Edward Zirkle walked around the job fair feeling a little lost. So many decisions, from hair length to what time he got up in the morning, were made for him by his last employer:
But now Zirkle, who just got out of the Army after 10 years, finds himself like more than 100,000 people who leave the military every year. It can be a daunting transition to the private work force for people used to the regimented life of the military.
And to some like Zirkle, a small-arms trainer in the Army, translating arcane military skills to a private business can appear problematic.
But at an Oct. 1 job fair sponsored by RecruitMilitary, an Ohio agency, employers say they want the intangible qualities that a military stint drills into the minds of troops:
Discipline. A work ethic. Organizational skills. Leadership.
"You can't always teach those skills to someone," said Jay Diaz, a district sales coordinator for insurance provider Aflac, one of more than 20 employers at the job fair.
"They get up every day. I don't have to call them to get on their case," Diaz said. "Structure is built into them. A person out of college would rather sleep late and party all night. Not these people."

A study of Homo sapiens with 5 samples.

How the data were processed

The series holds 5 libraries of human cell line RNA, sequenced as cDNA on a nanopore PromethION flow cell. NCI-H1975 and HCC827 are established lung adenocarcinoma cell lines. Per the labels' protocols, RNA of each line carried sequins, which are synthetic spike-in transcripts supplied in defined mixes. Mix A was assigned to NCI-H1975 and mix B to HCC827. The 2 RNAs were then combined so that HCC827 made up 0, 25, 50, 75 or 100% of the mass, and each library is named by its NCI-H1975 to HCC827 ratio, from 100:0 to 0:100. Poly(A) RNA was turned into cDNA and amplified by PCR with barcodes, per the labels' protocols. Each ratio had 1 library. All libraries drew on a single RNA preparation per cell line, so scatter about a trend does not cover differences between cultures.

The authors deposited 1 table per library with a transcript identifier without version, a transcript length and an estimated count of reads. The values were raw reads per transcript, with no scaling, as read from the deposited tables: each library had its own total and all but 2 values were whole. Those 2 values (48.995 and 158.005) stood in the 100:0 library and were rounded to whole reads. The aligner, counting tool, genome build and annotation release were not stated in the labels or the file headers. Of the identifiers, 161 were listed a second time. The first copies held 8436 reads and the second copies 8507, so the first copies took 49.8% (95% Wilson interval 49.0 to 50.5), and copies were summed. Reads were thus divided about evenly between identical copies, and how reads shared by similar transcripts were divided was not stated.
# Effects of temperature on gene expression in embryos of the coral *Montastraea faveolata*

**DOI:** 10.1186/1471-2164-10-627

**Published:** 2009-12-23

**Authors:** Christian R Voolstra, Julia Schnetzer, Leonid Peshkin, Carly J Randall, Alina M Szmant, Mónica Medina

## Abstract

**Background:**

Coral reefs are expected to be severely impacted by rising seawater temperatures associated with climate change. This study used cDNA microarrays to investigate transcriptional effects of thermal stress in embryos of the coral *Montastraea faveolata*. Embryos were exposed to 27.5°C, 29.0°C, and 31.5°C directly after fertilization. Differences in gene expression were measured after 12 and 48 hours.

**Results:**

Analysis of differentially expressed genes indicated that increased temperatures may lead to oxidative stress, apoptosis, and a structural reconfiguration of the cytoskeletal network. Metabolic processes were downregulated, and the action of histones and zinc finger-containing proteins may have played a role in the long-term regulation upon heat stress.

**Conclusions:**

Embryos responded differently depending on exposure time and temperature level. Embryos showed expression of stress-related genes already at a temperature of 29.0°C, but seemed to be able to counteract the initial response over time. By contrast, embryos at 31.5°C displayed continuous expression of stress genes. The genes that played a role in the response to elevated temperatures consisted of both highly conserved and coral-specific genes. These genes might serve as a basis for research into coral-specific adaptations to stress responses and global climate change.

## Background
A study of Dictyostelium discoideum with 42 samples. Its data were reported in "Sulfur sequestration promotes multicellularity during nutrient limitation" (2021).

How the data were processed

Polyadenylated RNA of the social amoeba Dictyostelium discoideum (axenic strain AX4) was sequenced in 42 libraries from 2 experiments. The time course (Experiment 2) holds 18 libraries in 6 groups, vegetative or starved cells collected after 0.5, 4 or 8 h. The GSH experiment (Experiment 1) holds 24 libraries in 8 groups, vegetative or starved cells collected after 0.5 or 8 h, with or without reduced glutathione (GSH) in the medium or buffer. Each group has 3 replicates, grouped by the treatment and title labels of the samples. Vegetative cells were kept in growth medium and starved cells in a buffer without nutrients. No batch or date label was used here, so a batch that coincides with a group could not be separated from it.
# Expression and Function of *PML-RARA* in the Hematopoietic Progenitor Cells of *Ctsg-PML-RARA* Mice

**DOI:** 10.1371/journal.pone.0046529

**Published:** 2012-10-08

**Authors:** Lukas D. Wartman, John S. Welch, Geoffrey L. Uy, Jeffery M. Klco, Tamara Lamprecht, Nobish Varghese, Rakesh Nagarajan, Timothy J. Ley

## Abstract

Zirkle, 40, an Orlando area resident who left the Army because of a back injury, didn't want to leave the military and said finding work is a bit frightening.
One of several hundred veterans wandering the fair at the Tampa Bay Performing Arts Center, Zirkle acknowledged he has much to learn, such as saying "yes" instead of the Army's ubiquitous "hooah."
"I miss the structured life," Zirkle said. "I miss the camaraderie. I miss good friends. I loved the feeling that I was making decisions to protect the nation."
But Zirkle said he's got what it takes to make it in the private world with skills burned into his DNA by a decade of Army life.
Among employers at the fair: the Secret Service, Laird Plastics, Northrop Grumman, Brinks Home Security and Miami-Dade public schools.
It isn't just the intangibles employers seek. Highly technical skills are always in demand, as is a security clearance for defense contractors.
The weak economy also is driving veterans who haven't served in years back into the job market to see if those old military skills are still an asset.
Joseph Golden, 32, of Tampa, discharged in 2000 after four years in the Marines, is quitting a career in the mortgage business to see if he can find a job in the security industry.
"Nobody is going to out-work me," he said. "I trained in the Marines to stay awake three days, if necessary."
Golden stopped at Operations Support Technologies' table, a company that sometimes sends employees to Iraq to provide field support for military equipment.
Golden said he wouldn't hesitate to go.
"If that's what it takes to care for my family," he said, "then I would do it. The bills don't stop coming."